Bushnell DX Scout 1000 - An Updated Classic
The Scout 1000 ARC was a long time contender for top dual purpose rangefinder; however, its design was several years old and in need of an upgrade to keep up with the competition. Enter the new Bushnell Scout DX 1000 and while the name changed only slightly, many features were altered considerably often borrowing heavily from Bushnell’s premier G-Force 1300 rangefinder line.
G-Force 1300 Similarities
The Scout DX 1000 shares the same housing style as the G-Force 1300 series and has the same external dimensions; however the Scout housing is made from plastic instead of the metal housing found on the G-Force model. Both models do have rubber armoring for a better gripping surface in wet conditions.
While the original Scout 1000 was equipped with Bushnell’s ARC (Angle Range Compensation) technology, and had both the “BOW” and “Rifle” modes it didn’t have all the sub features available within the ARC program as the G-Force 1300 did. The new Scout DX 1000 now includes those features such as the VSI (variable sight in) option that lets the shooter choose from one of four different sight in distances. Also, the Rifle mode now includes holdover information in MIL, and MOA in addition to inches and centimeters.
The new DX Scout 1000 also shares the 6x magnification and 21mm objective that is found on the G-Force models, which is a change in configuration from the previous version Scout 1000 which had 5x magnification and a 24mm objective. Interestingly enough, the original 5x24mm version is listed as having a field of view of 376 feet at 1000 yards, while the new 6x21 is rated as having 393ft at 1000 yards. Therefore the new model has both more power and a wider coverage area than the old model.
This new Bushnell Scout model also received the ESP (Extreme Speed and Precision) technology found on the G-Force 1300 models. The ESP processor allows the new Scout DX models to read faster and with greater accuracy that the original models. The new models are capable of half yard accuracy out to one hundred and twenty five yards and displays distance in tenth yard increments out to that range. After 125 yards the reading are accurate to plus or minus 1 yard like the original.
Scout 1000 ARC Heritage
Despite the being similar in many ways to the G-Force 1300 in both function and look, the new DX Scout 1000 features a black LCD display similar to the original version, as opposed to the new red LCD Bushnell used on the G-Force models which they call Vivid Display Technology.
Like the previous version, the new DX Scout comes with both first and last target priority modes known as Bullseye and Brush modes. The Bullseye mode allows users to set the unit to report the closer of two objects when the rangefinder receives a split reading. The Brush mode is just the opposite, and allows the user to set the unit to report the farthest object when two objects are detected on a single reading.
Despite the many upgrades to the new model Scout, it still has the overall ranging capabilities with 1000 yard being listed as the maximum range on reflective targets under good conditions. 650 yards is the distance ratings for objects like trees and the unit is rated as capable of ranging deer out to 325 yards; obviously these numbers depend on lighting conditions, target surfaces, etc. However, the main take away is that the overall expected distances in each category are no different on the new version than on the old version. Keep in mind the speed at which these reading are acquired and the accuracy inside of 125 yards have been improved.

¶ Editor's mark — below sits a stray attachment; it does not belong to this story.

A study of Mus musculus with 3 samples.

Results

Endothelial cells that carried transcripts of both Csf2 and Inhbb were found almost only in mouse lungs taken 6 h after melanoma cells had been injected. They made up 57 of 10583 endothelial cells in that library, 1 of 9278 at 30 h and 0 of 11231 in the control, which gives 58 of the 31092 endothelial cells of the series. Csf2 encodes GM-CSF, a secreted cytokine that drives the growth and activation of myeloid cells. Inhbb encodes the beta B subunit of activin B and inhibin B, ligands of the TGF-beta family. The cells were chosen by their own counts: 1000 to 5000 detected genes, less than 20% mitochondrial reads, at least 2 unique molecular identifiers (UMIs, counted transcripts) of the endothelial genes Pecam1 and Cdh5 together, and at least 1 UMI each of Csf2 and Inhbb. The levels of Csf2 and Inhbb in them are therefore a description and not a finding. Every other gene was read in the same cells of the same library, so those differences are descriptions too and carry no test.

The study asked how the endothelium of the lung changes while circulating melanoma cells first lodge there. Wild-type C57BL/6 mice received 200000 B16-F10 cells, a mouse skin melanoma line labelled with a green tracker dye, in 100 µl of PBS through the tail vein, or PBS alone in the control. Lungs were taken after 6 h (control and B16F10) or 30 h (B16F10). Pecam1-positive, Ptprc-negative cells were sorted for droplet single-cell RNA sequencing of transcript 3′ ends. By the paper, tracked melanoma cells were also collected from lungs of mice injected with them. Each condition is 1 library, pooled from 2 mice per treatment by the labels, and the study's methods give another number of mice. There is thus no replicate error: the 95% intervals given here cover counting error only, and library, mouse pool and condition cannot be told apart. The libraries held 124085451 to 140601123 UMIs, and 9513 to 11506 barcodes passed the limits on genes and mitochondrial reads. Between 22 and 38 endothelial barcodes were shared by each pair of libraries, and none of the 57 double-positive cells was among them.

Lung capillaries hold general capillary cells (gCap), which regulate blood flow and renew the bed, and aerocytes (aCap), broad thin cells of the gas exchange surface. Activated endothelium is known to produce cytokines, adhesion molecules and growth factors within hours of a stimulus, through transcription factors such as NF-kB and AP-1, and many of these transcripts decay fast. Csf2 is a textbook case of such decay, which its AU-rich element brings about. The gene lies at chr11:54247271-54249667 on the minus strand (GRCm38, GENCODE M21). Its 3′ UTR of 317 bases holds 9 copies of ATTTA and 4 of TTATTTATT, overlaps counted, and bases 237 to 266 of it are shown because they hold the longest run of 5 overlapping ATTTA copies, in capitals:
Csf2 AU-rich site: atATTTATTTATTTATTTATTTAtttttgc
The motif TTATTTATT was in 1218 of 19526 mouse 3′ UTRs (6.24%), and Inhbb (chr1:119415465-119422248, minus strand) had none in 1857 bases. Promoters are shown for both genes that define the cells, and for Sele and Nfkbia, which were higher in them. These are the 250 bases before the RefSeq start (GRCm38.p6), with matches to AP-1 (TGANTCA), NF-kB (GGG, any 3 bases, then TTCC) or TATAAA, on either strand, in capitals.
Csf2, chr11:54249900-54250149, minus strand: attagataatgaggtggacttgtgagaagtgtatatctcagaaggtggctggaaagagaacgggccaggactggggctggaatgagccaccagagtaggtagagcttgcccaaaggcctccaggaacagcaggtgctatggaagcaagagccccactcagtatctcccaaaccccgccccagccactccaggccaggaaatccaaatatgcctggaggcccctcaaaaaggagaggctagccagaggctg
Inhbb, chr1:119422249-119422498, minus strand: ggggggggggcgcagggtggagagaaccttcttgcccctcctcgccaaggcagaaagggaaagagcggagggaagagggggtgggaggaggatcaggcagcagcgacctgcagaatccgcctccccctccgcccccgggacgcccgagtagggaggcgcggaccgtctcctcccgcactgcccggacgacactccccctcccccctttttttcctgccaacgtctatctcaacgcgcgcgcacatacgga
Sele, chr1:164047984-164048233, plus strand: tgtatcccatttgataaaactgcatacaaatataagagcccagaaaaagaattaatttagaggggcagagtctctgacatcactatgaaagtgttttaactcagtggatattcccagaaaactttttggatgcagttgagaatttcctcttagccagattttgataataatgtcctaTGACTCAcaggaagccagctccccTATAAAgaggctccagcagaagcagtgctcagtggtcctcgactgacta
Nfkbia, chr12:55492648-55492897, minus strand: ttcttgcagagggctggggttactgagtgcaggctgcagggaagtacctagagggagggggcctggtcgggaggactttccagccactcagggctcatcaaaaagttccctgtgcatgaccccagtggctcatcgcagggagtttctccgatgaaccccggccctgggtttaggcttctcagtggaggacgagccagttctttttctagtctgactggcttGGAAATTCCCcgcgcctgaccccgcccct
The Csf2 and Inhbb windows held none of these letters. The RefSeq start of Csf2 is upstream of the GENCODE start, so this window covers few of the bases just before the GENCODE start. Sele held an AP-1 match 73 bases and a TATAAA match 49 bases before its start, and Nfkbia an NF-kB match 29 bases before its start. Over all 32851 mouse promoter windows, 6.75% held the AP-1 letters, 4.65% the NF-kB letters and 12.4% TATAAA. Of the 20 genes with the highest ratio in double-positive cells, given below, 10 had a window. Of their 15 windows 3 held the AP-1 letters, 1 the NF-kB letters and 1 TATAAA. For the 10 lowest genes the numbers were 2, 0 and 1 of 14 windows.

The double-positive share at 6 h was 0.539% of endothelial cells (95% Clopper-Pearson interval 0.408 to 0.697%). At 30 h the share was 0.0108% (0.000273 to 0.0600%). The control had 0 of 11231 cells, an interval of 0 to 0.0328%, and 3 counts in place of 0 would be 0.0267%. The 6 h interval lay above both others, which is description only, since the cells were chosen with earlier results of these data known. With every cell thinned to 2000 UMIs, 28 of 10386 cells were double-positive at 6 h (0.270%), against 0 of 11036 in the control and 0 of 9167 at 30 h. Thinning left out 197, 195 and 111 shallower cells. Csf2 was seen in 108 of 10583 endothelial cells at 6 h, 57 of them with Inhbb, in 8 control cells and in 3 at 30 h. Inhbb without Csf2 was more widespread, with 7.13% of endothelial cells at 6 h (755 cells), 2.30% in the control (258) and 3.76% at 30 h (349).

The new model DX Scout also kept a pretty long list of features from the prior version that are worth mentioning but are pretty self explanatory so we will just list them here.
- Adjustable Diopter
- Two Year Limited Warranty
- Tripod Mount
- 10 Ballistic Charts (8-rifle + 2-muzzleloader/shotgun)
- CR2 3 Volt Battery
Pros and Cons
New Features Same Price
Despite the new housing design, ESP technology, and the full features of the ARC mode; the new DX Scout 1000 are priced the same as the original with the black model going for $299 and the camo version going for about $30 more. So despite the updates the end cost stayed the same as the original.
More Magnification + More F.O.V.
As mentioned the new version DX Scout got not only an increase in magnification which is important on a dual purpose rangefinder that will be used for rifle hunting, but also got an increased field of view which is a factor that will be appreciated when the unit is being used for bow hunting.
Despite all its upgrades and updates, the new DX Scout is still only rated for 650 on trees and 325 yards on deer, which we find a little disappointing for a 1000 yard rangefinder. While there is no hard and fast rule about what a rangefinder should read deer at we generally like to see half the maximum distance, so for a 1000 yard rangefinder reading a deer at 500 yards.
No Horizontal Rifle Range
Like all Bushnell rangefinders, actual horizontal distance in yards is only available in “Bow” mode out to a maximum range of 99 yards. No horizontal distance is given in rifle mode, only angle compensated holdover information in inches, cm, Mils, or MOA. Many hunters and shooters prefer to simply have the angle compensate yardage which this rangefinder does not provide.
The original Scout was a huge success for Bushnell but it was due for an upgrade; the new Bushnell Scout DX 1000 is a solid mix of the newer G-Force 1300 model and the original Scout 1000 ARC model. Those looking for a dual use rangefinder and can live without angle compensated yardage in rifle mode, would probably be well served with this updated version.